About Prolapsed Bladder
In women, the front wall of the vagina normally holds the bladder steady. After pregnancy and childbirth as well as with advancing age, the front wall of the vagina may be weakened, which means the bladder is no longer supported by the vaginal wall and the bladder prolapses, or drops. Childbirth is the most common cause of a prolapsed bladder. The walls of a woman’s bladder help maintain support for the bladder, but childbirth can put excess strain on the walls and cause them to lose some of their strength. In addition, menopause, as well as straining to pick up heavy objects can cause bladder prolapse.
Stress incontinence is an immediate symptom of bladder prolapse. A urologist will rate prolapsed bladders on a scale of 1 to 4, grading how far the bladder has pushed into the vagina.
The scale is as follows:
- Grade 1: Only a very small part of the bladder has fallen into the vagina.
- Grade 2: The bladder has fallen enough to reach the opening of the vagina.
- Grade 3: The bladder sticks out of the body through the opening of the vagina (severe prolapsed bladder).
- Grade 4: The entire bladder protrudes from the vagina (complete prolapsed bladder).
Those who suffer from a prolapsed bladder will have discomfort or pain in the pelvis, are not able to fully empty their bladder when urinating, may have stress incontinence, painful intercourse and lower back pain. Because symptoms can worsen, it is important for patients to speak to their doctor immediately upon recognizing a problem. Prolapsed bladders do not heal without medical intervention.
A doctor may use a cystourethrogram to aid with the diagnosis, as well as a urodynamic test, which is used to measure the flow of urine. For patients who are not ready to have surgical treatment, a pessary and/ or estrogen replacement therapy may be used. A pessary is a plastic device inserted into the vagina to keep the bladder in place. Some patients have reported a slight discomfort from this pessary. Estrogen replacement therapy may also benefit women with prolapsed bladders. Your doctor will also recommend that you refrain from heavy lifting and vigorous exercise.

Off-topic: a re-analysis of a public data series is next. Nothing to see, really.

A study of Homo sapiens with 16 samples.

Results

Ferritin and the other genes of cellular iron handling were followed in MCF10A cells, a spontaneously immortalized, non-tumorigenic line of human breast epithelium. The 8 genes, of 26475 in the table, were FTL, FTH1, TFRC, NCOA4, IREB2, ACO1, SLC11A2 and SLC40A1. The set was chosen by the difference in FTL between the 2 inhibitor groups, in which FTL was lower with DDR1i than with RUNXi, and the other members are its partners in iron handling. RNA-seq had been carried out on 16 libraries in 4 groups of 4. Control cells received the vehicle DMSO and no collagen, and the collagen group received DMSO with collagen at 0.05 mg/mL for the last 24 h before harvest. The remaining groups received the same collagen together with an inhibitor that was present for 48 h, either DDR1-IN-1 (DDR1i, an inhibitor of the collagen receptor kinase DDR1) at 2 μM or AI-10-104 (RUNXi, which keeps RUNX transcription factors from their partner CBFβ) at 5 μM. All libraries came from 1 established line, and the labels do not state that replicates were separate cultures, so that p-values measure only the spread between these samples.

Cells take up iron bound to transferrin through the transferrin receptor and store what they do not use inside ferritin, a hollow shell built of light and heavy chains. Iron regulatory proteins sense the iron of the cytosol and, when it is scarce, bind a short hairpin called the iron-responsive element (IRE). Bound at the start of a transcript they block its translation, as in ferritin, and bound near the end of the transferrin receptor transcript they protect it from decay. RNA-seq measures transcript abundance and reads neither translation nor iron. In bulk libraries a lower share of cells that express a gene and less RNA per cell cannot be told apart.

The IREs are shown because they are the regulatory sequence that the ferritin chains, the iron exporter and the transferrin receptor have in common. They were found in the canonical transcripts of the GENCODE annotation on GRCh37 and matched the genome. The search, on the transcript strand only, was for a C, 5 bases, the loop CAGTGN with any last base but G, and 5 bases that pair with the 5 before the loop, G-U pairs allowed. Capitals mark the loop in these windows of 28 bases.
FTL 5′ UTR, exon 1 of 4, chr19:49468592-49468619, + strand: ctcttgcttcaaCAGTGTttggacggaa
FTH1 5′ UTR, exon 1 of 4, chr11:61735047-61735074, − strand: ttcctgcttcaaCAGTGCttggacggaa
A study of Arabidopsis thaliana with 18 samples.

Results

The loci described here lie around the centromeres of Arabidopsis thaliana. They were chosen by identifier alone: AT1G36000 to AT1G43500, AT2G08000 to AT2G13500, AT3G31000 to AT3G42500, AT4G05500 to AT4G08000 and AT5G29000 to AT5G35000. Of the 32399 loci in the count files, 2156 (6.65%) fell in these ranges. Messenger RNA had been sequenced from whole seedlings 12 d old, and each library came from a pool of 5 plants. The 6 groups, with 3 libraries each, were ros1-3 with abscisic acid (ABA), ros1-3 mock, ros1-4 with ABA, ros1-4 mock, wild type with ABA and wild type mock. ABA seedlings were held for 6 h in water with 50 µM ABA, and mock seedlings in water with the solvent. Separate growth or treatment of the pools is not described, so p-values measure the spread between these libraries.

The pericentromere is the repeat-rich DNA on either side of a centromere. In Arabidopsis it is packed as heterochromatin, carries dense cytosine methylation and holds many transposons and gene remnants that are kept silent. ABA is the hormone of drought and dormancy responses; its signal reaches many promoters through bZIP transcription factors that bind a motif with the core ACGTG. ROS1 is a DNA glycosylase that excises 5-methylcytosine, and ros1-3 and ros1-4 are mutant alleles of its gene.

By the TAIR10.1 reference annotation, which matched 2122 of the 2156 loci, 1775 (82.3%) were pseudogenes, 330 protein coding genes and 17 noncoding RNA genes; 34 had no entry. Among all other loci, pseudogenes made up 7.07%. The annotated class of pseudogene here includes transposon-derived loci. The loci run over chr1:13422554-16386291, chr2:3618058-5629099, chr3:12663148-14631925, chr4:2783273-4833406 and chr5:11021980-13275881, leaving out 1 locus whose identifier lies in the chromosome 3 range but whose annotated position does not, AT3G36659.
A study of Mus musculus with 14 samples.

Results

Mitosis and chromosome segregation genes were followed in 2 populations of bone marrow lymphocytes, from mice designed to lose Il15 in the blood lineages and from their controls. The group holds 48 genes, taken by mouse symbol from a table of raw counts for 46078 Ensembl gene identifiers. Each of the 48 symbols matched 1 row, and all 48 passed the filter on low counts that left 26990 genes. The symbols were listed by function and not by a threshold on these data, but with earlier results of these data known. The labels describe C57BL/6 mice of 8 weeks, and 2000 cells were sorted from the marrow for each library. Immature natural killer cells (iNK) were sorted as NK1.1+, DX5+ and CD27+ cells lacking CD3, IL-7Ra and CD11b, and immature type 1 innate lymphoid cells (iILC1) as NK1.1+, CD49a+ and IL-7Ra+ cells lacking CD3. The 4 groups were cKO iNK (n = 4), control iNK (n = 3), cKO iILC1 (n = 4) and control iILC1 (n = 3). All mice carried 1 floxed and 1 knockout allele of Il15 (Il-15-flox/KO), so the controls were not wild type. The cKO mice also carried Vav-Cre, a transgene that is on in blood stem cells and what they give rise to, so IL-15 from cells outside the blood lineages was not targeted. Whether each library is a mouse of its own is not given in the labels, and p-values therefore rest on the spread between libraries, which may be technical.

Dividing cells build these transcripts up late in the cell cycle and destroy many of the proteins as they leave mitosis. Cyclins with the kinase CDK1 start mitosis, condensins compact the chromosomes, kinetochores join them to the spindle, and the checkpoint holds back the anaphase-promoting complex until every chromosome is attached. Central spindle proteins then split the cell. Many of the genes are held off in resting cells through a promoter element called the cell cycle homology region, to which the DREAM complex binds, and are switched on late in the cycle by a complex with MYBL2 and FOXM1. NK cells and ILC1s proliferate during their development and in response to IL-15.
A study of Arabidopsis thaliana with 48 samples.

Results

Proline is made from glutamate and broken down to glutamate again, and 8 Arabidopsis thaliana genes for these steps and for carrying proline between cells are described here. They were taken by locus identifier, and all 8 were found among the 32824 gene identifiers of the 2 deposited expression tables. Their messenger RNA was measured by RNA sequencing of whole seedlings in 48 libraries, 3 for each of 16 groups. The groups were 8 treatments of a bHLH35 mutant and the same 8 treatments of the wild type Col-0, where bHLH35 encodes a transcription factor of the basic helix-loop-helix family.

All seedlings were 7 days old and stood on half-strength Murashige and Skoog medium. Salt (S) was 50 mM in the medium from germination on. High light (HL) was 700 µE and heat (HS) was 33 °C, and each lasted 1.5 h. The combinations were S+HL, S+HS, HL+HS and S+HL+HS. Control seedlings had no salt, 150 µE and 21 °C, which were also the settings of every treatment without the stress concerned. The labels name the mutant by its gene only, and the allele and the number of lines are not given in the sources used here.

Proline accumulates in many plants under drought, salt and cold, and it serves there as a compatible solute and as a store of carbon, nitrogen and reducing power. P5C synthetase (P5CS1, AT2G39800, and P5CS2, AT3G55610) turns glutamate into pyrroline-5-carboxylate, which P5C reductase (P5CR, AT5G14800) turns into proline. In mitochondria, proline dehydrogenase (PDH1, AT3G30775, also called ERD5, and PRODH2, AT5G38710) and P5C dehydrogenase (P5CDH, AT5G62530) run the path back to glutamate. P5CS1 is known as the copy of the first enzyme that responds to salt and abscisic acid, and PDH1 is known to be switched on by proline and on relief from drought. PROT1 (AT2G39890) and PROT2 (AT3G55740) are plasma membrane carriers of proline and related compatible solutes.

After most bladder repair surgery including sling procedures and cystocele repair, most patients are sent home the same day as the surgery. Side effects of prolapsed bladder surgery include infection, injury to the bladder, urinary retention, urinary incontinence, and the formation of an abnormal connection between organs.
Obesity, constipation, smoking, heavy lifting, multiple childbirths, and long periods of time spent standing can all make a bladder prolapse more likely.
Physicians emphasize that a high-fiber diet, drinking plenty of fluids, quitting smoking, weight loss, and pelvic exercises may reduce the risk of urinary incontinence and pelvic prolapsed.